Mr Blair has the chance to forge a new consensus


The constitutional treaty - the magnum opus intended to lay the foundation of the European Union of the future - is now dead and gone. If the slightest doubt remained after the French vote on Sunday, it was dispelled by the voters of the Netherlands.

Propriety prevented the treaty being officially written off before the Dutch had voted. The only question now is who will be first to make the death official, and how will it be done? Will it come from the European Commission, will one or other national leader venture to speak for the rest (at the risk of drawing recriminations), or will it be a collective announcement at the European summit in two weeks' time?

The certainty is that there will be no British referendum. As ministers said gnomically before the French had voted, the British were absolutely guaranteed their say in a referendum - unless there was no treaty to vote on. That point has surely now been reached.

The advantage for Mr Blair in not holding a referendum is obvious. And while it is tempting to say that Britain would have benefited from a free and frank debate about Europe of the sort that captivated France in recent weeks, there were risks as well. There was also the small matter of whether a constitutional treaty was a suitable subject for a referendum in a country where such decisions are traditionally made by Parliament.

But there are disadvantages for Mr Blair in the referendum results as well, chief among them the timing. Britain takes over the European presidency on 1 July, at a time when the Union finds itself suddenly, and unexpectedly, at a crossroads. The way forward is not at all apparent - not least because the reasons for the French and Dutch rejections have been so disparate.

In both countries, the "no" vote combined a host of factors, from dissatisfaction with the current state of their countries and their present governments to the effects, as they saw them, of Europe's rapid expansion. The far right in France joined with the communists and socialist left to reject a treaty they saw as representing the interests of a small élite. The Dutch middle class rejected the treaty in part because they felt the character of their country was changing in ways they found unacceptable. Others objected to the price rises and economic instability they associated with the euro. But while the votes reflected discontent with the status quo, it is hard to see them as calls for radical change along the lines of what has become known as the "British model".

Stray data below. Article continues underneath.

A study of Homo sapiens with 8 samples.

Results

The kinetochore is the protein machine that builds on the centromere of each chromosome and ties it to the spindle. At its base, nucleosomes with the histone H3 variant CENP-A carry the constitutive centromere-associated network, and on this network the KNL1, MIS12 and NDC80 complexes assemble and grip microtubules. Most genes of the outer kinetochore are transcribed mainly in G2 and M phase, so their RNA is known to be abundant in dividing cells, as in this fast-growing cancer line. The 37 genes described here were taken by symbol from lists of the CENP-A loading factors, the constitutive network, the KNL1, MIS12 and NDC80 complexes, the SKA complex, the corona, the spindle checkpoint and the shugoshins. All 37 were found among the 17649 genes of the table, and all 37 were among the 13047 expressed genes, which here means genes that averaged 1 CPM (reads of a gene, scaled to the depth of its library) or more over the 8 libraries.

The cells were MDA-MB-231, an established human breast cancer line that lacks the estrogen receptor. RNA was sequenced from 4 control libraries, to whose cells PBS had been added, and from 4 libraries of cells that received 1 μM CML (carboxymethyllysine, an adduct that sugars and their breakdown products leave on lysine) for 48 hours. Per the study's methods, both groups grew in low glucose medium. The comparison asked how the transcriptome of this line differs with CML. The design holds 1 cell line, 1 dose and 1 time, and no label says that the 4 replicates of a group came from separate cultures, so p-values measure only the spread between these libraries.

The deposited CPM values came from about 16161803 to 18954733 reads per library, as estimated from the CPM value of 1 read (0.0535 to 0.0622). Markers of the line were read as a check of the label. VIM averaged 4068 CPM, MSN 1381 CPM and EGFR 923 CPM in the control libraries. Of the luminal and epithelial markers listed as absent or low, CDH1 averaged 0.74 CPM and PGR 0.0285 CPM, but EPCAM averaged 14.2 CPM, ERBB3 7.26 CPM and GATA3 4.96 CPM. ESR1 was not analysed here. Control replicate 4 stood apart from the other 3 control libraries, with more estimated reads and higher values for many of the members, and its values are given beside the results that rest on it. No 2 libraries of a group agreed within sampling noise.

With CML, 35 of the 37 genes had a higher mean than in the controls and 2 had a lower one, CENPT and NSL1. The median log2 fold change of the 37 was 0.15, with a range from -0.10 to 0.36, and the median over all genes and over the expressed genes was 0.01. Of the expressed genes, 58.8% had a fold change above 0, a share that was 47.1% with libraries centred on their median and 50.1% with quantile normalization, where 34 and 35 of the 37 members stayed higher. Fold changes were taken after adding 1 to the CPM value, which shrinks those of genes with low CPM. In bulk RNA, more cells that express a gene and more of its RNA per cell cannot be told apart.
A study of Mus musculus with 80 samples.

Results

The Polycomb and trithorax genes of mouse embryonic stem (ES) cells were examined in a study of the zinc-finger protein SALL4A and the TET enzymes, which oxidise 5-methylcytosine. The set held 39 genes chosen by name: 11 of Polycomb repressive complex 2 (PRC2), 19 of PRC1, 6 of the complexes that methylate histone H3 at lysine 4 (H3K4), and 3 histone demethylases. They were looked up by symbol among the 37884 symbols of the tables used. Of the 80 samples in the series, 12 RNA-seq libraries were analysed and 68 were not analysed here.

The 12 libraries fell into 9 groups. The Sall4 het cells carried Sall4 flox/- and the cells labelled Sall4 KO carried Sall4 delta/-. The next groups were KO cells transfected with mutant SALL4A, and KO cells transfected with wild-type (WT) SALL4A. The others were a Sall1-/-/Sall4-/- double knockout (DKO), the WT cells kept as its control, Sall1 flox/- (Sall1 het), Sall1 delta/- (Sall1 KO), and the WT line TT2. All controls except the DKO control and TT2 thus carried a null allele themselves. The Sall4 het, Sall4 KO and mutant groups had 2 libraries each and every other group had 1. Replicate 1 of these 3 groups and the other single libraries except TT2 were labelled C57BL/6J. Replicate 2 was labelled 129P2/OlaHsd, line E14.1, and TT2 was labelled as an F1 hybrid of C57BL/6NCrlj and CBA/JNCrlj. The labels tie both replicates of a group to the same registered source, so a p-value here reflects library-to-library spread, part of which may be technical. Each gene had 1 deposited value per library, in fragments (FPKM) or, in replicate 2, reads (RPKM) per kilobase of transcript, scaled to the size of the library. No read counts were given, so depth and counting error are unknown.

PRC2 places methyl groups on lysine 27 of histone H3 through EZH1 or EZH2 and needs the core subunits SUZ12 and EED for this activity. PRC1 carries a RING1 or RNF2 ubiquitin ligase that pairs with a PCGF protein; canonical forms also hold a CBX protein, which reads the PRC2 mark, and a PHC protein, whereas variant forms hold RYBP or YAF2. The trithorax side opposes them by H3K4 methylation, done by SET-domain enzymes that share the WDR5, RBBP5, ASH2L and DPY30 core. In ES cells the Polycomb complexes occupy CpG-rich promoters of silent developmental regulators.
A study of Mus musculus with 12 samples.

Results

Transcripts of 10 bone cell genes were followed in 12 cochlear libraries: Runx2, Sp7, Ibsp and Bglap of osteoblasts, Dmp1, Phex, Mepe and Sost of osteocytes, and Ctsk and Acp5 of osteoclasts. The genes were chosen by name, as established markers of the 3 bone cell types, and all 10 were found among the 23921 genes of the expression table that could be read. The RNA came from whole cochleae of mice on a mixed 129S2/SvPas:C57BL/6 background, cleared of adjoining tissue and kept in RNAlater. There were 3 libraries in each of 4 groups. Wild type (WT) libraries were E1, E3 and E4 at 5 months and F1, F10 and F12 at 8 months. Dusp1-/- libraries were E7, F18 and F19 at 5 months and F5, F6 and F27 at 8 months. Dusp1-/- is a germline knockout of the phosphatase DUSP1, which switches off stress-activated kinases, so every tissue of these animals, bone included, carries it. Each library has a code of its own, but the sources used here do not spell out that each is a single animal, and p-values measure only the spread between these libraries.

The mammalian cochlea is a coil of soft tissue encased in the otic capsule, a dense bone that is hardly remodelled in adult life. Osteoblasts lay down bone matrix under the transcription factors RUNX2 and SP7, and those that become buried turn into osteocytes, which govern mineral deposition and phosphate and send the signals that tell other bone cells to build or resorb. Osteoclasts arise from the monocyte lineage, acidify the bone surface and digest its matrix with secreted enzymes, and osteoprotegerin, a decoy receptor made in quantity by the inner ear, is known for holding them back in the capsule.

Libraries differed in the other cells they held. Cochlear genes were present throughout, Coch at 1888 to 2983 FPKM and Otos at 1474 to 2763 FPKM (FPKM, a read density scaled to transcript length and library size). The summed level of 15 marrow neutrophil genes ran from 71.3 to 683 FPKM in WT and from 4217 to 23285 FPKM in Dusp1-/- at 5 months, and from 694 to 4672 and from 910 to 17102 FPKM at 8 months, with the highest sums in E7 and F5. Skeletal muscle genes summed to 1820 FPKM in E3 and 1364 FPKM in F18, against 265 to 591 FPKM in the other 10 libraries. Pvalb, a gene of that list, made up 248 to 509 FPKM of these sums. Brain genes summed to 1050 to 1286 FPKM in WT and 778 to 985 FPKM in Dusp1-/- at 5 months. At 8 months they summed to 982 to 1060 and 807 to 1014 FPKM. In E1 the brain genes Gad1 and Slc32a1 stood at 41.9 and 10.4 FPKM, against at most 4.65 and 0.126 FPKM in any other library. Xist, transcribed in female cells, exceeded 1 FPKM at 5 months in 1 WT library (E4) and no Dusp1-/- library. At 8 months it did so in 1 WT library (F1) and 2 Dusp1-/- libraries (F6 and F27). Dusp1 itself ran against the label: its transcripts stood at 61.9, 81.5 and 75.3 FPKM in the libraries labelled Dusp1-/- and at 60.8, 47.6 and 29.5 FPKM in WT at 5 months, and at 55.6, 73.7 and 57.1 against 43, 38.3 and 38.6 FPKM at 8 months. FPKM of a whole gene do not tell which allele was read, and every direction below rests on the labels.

Yet the British presidency need not be the barren six months that the "period of reflection" called for by both M. Chirac and Mr Blair might suggest. With so much in flux, Mr Blair has an opportunity to canvass, and even forge, a new consensus. This should include reviving the most urgent - and, as it happens, least controversial - reforms contained in the ill-fated treaty: the end to the rotating presidency and the appointment of a foreign minister, a "Mr Europe". The "no" votes have also illustrated the gap that voters feel separates them from Europe's institutions. Ways need to be found to address this "democratic deficit" as a priority.

This may mean that moves towards economic convergence are put on hold. This makes sense, if only because the new French government will be finding its feet, and both Germany and Italy are facing elections in the next year. The political complexion of Europe's largest countries could look rather different by December. It makes no sense for Britain to force the pace on change that will be longer lasting and more deeply rooted if it comes with a national democratic mandate.